Rosenborg Castle Part I

Rosenborg Castle (Danish: Rosenborg Slot) is a renaissance castle located in Copenhagen, Denmark. The castle was originally built as a country summerhouse in 1606 and is an example of Christian IV’s many architectural projects.

It was built in the Dutch Renaissance style, typical of Danish buildings during this period, and has been expanded several times, finally evolving into its present condition by the year 1624. Architects Bertel Lange and Hans van Steenwinckel the Younger are associated with the structural planning of the castle.

Located on the third floor, the Long Hall was completed in 1624. It was originally intended as a ballroom. Around 1700 it was used as Royal Reception Room and for banquets. It was not until the second half of the 19th century that it became known as the «Knight’s Hall».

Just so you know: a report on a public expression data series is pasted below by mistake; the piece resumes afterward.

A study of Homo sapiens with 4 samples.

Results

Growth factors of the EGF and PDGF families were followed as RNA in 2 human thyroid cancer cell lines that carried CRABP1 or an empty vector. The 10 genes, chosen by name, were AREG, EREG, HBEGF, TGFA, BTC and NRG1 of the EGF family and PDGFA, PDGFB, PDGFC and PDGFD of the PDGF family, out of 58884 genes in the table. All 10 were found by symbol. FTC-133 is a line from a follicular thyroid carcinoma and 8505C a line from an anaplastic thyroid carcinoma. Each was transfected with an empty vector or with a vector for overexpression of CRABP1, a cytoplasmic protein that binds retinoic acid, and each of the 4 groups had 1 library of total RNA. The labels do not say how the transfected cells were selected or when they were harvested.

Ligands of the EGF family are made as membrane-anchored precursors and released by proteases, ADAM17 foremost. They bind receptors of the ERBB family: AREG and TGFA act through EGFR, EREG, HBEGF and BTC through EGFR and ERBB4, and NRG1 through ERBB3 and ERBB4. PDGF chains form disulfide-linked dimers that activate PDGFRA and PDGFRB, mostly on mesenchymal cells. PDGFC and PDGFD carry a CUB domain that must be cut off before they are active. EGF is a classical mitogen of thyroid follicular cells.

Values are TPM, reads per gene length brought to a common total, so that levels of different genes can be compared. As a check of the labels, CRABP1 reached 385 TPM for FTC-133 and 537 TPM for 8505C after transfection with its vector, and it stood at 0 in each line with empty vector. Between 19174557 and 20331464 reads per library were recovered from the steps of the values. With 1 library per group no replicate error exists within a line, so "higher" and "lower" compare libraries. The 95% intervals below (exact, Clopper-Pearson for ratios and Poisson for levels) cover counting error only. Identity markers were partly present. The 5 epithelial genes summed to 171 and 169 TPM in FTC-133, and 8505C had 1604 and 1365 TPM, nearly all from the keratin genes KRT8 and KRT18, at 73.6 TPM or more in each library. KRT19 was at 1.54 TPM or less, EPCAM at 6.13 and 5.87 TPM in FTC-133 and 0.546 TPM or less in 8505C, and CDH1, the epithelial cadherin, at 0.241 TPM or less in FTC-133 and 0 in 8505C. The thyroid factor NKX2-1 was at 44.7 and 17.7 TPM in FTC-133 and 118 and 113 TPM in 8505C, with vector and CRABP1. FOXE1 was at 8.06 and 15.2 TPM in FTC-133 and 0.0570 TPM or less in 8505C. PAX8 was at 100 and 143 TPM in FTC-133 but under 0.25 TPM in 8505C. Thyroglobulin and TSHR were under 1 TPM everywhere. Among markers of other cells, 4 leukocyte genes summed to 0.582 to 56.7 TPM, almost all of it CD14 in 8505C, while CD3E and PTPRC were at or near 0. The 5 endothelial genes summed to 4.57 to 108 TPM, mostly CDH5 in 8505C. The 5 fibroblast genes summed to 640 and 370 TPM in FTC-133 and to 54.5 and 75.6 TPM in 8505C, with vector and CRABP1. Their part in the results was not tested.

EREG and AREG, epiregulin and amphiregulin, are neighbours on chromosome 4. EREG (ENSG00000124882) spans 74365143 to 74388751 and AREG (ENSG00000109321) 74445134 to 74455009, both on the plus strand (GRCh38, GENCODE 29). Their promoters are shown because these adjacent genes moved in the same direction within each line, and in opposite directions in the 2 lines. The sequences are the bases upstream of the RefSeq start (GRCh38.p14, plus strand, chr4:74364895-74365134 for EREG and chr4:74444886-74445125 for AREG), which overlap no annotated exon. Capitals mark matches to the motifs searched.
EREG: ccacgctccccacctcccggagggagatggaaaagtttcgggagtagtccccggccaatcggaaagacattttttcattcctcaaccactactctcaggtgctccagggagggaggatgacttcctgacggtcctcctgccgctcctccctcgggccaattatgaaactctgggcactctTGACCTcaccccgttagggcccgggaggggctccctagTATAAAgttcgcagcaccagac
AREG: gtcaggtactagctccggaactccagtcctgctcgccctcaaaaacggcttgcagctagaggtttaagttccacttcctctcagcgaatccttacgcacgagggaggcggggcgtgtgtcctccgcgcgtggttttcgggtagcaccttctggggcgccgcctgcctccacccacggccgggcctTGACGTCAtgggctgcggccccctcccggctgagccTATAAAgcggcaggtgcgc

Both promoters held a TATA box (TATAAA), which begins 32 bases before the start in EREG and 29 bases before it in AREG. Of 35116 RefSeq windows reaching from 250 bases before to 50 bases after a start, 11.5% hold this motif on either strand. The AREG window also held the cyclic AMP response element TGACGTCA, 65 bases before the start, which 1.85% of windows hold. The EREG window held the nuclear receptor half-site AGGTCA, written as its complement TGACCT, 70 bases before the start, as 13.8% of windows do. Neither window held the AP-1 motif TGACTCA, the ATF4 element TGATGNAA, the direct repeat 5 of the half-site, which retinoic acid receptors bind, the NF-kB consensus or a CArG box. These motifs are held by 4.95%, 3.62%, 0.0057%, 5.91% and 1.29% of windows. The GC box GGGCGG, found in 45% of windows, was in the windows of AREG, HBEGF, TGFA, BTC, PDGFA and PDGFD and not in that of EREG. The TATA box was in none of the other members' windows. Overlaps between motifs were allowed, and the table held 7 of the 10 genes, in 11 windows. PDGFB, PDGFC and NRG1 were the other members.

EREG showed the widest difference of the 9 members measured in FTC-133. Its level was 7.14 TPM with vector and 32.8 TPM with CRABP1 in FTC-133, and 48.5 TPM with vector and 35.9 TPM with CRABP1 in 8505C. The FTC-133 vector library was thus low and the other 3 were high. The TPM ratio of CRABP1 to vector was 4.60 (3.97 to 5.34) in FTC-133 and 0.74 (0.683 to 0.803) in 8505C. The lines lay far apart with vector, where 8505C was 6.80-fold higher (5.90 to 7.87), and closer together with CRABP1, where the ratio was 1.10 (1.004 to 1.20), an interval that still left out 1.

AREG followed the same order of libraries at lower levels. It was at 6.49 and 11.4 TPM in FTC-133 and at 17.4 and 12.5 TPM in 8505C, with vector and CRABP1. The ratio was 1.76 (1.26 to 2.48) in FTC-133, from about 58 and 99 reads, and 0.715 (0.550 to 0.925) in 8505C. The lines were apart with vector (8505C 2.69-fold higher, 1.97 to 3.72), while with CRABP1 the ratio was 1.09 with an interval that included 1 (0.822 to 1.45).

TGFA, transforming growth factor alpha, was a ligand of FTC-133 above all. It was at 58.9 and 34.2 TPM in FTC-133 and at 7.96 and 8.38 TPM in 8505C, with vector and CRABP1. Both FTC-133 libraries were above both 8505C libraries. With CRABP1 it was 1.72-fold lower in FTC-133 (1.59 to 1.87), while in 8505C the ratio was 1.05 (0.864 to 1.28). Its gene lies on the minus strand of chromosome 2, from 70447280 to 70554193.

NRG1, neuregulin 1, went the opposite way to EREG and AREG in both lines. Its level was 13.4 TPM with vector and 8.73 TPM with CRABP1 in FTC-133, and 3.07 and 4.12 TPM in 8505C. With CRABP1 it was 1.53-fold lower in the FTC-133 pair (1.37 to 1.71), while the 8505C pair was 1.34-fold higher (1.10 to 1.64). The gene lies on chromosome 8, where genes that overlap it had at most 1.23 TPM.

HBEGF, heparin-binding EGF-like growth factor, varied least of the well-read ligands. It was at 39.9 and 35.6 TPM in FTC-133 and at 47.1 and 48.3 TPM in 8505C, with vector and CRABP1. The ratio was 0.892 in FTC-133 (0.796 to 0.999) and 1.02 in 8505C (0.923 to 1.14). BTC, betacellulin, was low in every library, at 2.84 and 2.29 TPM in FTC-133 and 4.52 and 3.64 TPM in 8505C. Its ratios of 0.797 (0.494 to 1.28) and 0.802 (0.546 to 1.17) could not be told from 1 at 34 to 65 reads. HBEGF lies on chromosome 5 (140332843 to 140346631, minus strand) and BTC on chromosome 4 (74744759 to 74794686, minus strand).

Christian V had the hall partly modernised with twelve tapestries depicting the King’s victories in the Scanian War. The stucco ceiling seen today is from the beginning of the 18th century. It shows the Danish Coat of Arms surrounded by the Orders of the Elephant and of Dannebrog. Side reliefs depict historical events from the first years of the reign of Frederik IV, including the liberation of the serfs, the founding of the dragoons and of the land militia among them. The frescos in the ceiling by Hendrick Krock, represent the Regalia.

Among the main attractions of Rosenborg are the coronation chair of the absolutist kings and the throne of the queens with the three silver lions standing in front. The Long Hall also contains a large collection of silver furniture, of which most is from the 17th Century.